Tutoring centre sees big profits in reforms

PUBLISHED : Monday, 07 May, 2012, 12:00am
UPDATED : Monday, 07 May, 2012, 12:00am


He's an economics teacher by day - but by night, Fred Chan Yiu-fai is an economic success story. And he believes his private tuition business can one day follow in the footsteps of Modern Education, which floated on the stock market last year.

'If the books are kept better, it is not impossible,' Chan says. His company, Champagne Education, is already matching the financial figures posted by some start-ups that have gone public, he says.

Banking on changes brought about by the education reforms and a shake-up of the exam structure, he started the company several years ago and says it is already earning him 'millions'.

At the company's headquarters near bustling Nathan Road, students sit at a long line of computers, on which they can watch lectures they have subscribed to at a convenient time.

'Nowadays, student habits have changed,' Chan says. 'You cannot follow the old way of teaching. They should be able to learn at any time.'

And he believes his role as chief executive of a business can help him in his day job, teaching economics at Ma On Shan's YCH Tung Chi Ying Memorial School.

For Costa Chan, the new Hong Kong Diploma of Secondary Education, which replaced A-levels as the final exam in the secondary school system and the pathway to university, provided an unexpected opportunity.

Working for Modern Education, which sought HK$150 million when it floated in June last year, she has helped thousands of students prepare for the new liberal studies paper, which became compulsory this year amid much concern over its impact. She first started teaching the subject almost by accident in her old job at a secondary school.

'I did not intend this. I first started teaching liberal studies to fill in for colleagues at my previous schools,' said Chan, who took up the subject when a colleague left and another died. She was one of the first specialist liberal studies teachers back when the subject was optional at A-level, but after pursuing further studies, she realised that the fact the subject was to be compulsory offered an opportunity.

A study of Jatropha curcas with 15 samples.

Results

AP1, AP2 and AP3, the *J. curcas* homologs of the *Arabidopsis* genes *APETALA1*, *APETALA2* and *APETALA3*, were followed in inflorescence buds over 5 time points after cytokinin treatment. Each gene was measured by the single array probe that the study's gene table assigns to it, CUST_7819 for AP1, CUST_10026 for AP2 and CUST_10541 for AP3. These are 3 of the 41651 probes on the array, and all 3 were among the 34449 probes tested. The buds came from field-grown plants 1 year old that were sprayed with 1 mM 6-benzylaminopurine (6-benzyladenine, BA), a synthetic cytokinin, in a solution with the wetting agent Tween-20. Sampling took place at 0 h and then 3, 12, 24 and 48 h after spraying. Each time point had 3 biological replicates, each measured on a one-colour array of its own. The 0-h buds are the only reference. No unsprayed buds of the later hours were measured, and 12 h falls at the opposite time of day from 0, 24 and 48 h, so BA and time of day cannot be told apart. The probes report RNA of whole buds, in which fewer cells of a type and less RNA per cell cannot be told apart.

Education officials say the reforms, under which all students receive three years of senior secondary education and university courses are extended to four years, are intended to encourage young people to think for themselves and end the 'spoon-feeding' of facts - a culture that tutorial schools are often associated with.

But the private tuition industry remains vibrant - and the trend of teachers at mainstream schools becoming tutors, either to earn cash on the side or as a career change, is on the rise. But many in the education sector do not think this is a trend that should be embraced.

'The values of the two systems are different. If it becomes a trend, it will damage the mainstream schooling system,' Professional Teachers Union president Fung Wai-wah said.

But Costa Chan believes private tuition is already embedded in the education sector, and the culture will only spread further.

'Even if you don't do it, others [teachers] will do it. I just want to do it better,' she said.

The Education Bureau said management of a school, as well as the teacher's supervisors, must approve any job outside public schools. The extra duties must contribute to the 'public good', will not interfere with the teacher's normal duties and not represent a conflict of interest.

Records of such approval should be kept by the school and reviewed regularly, a spokeswoman for the bureau said.